Updated: Mar 8
I became a nurse almost 15 years ago. Like many of us who are deeply dedicated to the profession, I started out as an associate’s degree-trained RN, but soon returned for my bachelor’s degree (BSN), followed by a master’s in nursing (MSN) as a family nurse practitioner (FNP), and will soon have my doctorate in nursing practice (DNP). Learning has always been important to me.
My passion for education extends to my clients, and it’s one of the biggest reasons I became a nurse. At every level of our training, nurses learn the importance of educating our clients. I believe it’s one of our top priorities; after providing high-quality, compassionate care, our next responsibility is to educate our clients, because that’s what empowers them to care for themselves.
I love teaching, so the education component came easily to me–the difficult part was not being bossy or lecturing clients, but rather offering insights that could help them make informed decisions. Isn’t that what all nurses want for their clients: to give them the tools so they don’t need us as much?!
But in the hospital setting, I often lacked the time and tools to teach effectively. And once I became a primary care provider, I found that the corporate healthcare system pushed for shorter appointment times and quality metrics that seemed very disconnected from what I knew about truly delivering high-quality care. I had become a “manager of disease,” and I was miserable.
Searching for a different option, I found nurse coaching and attended the Integrative Nurse Coach Academy course on site at Harmony Hill in Union, Washington. It was an inspiring setting to learn the art of not teaching, but listening.
An important lesson I learned there was that as nurses, we can get caught up in the teaching part and forget to ask why. Most of the time, we’re not the first ones to tell our clients to quit smoking, eat healthier, or lose weight. How often have we been told to do something for the 10th time? It gets old!
But when we ask the why, we uncover what is in the way of our clients’ becoming happier and healthier versions of themselves. We uncover their why–and what could be more important in unlocking the key to their health and happiness? Uncovering their motivations and personal barriers to change and helping them work through them is powerful! This was a remarkable revelation for me. I realized in becoming a nurse coach that it was time to reframe the conversations I was having with my clients.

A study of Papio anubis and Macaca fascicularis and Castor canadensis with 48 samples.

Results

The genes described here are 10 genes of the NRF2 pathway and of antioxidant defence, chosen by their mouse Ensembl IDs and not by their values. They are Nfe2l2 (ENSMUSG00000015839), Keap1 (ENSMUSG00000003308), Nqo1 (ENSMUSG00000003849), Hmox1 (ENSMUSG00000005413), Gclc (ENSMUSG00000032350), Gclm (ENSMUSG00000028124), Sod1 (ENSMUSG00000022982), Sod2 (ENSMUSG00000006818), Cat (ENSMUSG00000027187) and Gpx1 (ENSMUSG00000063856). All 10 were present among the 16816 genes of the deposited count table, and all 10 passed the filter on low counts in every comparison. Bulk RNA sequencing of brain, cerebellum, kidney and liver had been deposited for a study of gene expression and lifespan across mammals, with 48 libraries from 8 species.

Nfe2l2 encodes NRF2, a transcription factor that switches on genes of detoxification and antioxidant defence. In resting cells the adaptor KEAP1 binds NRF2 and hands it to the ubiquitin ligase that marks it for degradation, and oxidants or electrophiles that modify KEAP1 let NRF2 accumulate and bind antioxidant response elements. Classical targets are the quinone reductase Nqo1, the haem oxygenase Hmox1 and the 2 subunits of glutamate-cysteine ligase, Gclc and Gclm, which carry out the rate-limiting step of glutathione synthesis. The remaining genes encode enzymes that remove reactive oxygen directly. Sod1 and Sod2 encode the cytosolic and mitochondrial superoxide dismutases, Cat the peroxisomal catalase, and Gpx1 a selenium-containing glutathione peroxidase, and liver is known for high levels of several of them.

Meanwhile, I was also studying functional medicine. In functional medicine, we also ask why. Functional medicine is also often called “root cause medicine” because we delve into the root cause of health conditions–the (often hidden) why. We look at each person holistically, listen to their unique story, and help them uncover the underlying mechanisms at play in their health concerns. These root causes are often related to lifestyle, food choices, or exposure to toxins, all in combination with their genetic predispositions.
These days, I bring together the disciplines of nurse coaching and functional medicine in my consulting practice. Clients arrive motivated, and they’re excited to connect with a healthcare provider who will truly listen and help them hear. This means everything to me. In this role, I’m often the teacher, giving them the knowledge and tools to restore their own health and happiness.
When new clients come to me, I find they often expect to change their eating habits and exercise routines. And that certainly happens! But they are also frequently surprised to find their root case is something more difficult to change. Maybe they’re in a dysfunctional relationship, or they work in a high-stress career. Perhaps they’re caregivers for aging parents or young children. Sometimes we discover patterns of toxic self-talk or unaddressed past trauma.
These are the times when nurse coaching plays a leading role in their journey. Functional medicine may be the reason they seek me out, but the changes they need to make are more challenging than they expected. How are they supposed to get more sleep or cut back on hours at work?! My background in nurse coaching provides the foundation to help them navigate these scenarios and succeed in their quest for better health.
When I was invited to develop the Functional Medicine for Nurses™ course for the Integrative Nurse Coach™ Academy where I had studied nurse coaching, it was an easy YES! I am so thrilled to be able to share what I have learned in a way that is targeted and meaningful for nurses, nurse coaches, and nurse practitioners in a format that is an affordable, comprehensive foundation in functional medicine. The functional medicine HOW combined with our inherent nursing knowledge is the most powerful set of skills to truly revolutionize what we offer our clients, and to finally offer them a path to true happiness and healing!